Greece On Verge Of Activating Rescue Package

Courtesy of Tyler Durden

Follow the motions: with Greece imploding once again, and bonds back to 7%+. let’s try everything all over again and hope it works this time: IMF is *yawn* sending another team to Greece, Dominque Strauss-Kahn reports, even as Greek PM G-Pap has sent a letter to top officials in Europe and the IMF, requesting talks to discuss the details of a contingency financial support plan for his country. Um, we did that charade last weekend: it worked for 24 hours, just long enough for you to issue $2.1 billion in Bills, which auction by the way bankingnews.gr recently reported was a scam, with half the bids being fake! Well, congrats, but it ain’t gonna work any more, as the market has called your half-pregnancy bluff. But that does not stop Greece, and its ex-Goldmanite head of public debt management, from demonstrating just how clueless it is when accessing the capital markets. At least Greece is acknowledging that at this point formal aid request is merely a matter of a few days. We are now convinced that Greece is in fact doing all it can to be allowed to default, yet Germany and Europe are forcing a two tier sovereign debt capital structure, with new guaranteed money becoming the Secured tranche in the Greek balance sheet. Of course this means that any demand for the “Unsecured” portion will disappear as soon as the bailout mechanism is finally activated.

According to Market News:

“Greece’s Finance Minister George Papaconstantinou sent a letter Thursday to top officials in Europe and the International Monetary Fund, requesting talks to discuss the details of a contingency financial support plan for his country. Though the letter makes clear that Greece is not yet asking for the help to be activated, the request for a meeting nonetheless suggests that, with Greek bond spreads once again widening and prospects for a U.S. dollar bond of up to $10 billion quickly evaporating, the formal request may not be long in coming.”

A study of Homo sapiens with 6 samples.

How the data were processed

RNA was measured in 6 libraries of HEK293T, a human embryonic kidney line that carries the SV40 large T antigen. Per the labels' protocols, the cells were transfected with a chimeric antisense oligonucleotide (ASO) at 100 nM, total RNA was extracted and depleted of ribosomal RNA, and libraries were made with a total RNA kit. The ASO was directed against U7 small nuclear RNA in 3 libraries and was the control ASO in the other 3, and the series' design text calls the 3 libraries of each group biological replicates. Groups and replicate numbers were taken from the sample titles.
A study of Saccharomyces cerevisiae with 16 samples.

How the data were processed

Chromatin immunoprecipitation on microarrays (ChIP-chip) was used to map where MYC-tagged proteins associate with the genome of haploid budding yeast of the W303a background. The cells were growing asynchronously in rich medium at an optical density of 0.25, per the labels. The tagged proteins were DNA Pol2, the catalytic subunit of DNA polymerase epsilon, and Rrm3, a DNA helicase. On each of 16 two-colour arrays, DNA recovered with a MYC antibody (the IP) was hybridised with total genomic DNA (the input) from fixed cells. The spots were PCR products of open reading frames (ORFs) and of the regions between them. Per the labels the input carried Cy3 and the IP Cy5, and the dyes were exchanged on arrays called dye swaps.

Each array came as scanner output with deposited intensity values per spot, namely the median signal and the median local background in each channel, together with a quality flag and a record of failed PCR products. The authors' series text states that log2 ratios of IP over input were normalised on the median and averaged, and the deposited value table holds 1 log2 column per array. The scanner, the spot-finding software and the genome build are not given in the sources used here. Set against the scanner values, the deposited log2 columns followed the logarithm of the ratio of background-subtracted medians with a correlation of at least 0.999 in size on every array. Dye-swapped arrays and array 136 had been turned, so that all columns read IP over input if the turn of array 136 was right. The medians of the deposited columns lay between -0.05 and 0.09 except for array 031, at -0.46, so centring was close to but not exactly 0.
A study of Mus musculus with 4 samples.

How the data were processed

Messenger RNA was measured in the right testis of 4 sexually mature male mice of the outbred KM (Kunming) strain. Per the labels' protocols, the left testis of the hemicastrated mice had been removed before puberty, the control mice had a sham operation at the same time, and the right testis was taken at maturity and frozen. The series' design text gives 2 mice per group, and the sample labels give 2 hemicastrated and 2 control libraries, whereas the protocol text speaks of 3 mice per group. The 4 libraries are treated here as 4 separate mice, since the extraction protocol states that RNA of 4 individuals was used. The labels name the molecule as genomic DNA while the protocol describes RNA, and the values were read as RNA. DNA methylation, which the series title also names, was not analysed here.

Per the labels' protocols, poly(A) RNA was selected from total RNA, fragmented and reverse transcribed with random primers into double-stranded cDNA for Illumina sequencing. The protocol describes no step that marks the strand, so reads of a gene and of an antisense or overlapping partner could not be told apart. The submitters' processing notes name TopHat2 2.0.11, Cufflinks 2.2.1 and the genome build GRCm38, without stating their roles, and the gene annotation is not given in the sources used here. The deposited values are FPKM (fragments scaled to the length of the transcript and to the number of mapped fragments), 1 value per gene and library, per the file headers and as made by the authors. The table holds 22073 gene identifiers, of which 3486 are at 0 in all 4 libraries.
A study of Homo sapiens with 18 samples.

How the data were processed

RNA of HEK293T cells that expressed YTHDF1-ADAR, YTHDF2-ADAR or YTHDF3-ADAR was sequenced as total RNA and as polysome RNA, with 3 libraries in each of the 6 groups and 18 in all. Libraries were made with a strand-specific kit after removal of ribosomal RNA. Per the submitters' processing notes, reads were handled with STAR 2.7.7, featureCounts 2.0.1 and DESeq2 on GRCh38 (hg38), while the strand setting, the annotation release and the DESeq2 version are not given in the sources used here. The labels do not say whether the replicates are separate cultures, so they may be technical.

Eurozone finance ministers on Sunday announced that they stood ready to provide loans to Greece of up to E30 billion in the first year of a 3-year plan, with more funding negotiable in subsequent years. As part of the plan, the IMF would contribute between E10 and E15 billion of its own money, sources said. But details of exactly how the EMU and IMF portions of the plan would mesh together have been vague to non-existent.

A senior Greek Finance Ministry official told Market News that With the call for a meeting today, Greece is seeking to iron out “immediately” exactly what the details of the joint EMU-IMF plan will be, and what fiscal, macroeconomic and other conditions will be imposed on Greece in exchange for the aid.

It seems likely that Greece is feeling pushed to the wall, as the yields on its sovereign debt remain stubbornly high despite last Sunday’s aid agreement. Another factor may be the diminishing prospects for funding its needs in financial markets even at elevated interest rates.

The Wall Street Journal reported earlier today that Greece was being forced to slash its expectations for a U.S. dollar bond, which the Greek government had hoped would raise $5 billion to $10 billion. Now, the Greeks are looking at a figure in the range of $1 billion to $4 billion, and could end up scrapping the bond sale altogether, the newspaper said.

It cited a Greek official, who acknowledged that there appears to be very little appetite for Greek paper among U.S. investors.

However you slice and dice it, this is all very euro negative, and once the shorts clear out, we expect that the Euro will continue its one way path lower. Which of course means scrambling for the Fed which is starting to officialy lag in the debasement rally. We expect California and other bankrupt states to take a much more prominent media appearance in the next month, as the US reminds the world just how bankrupt it itself is.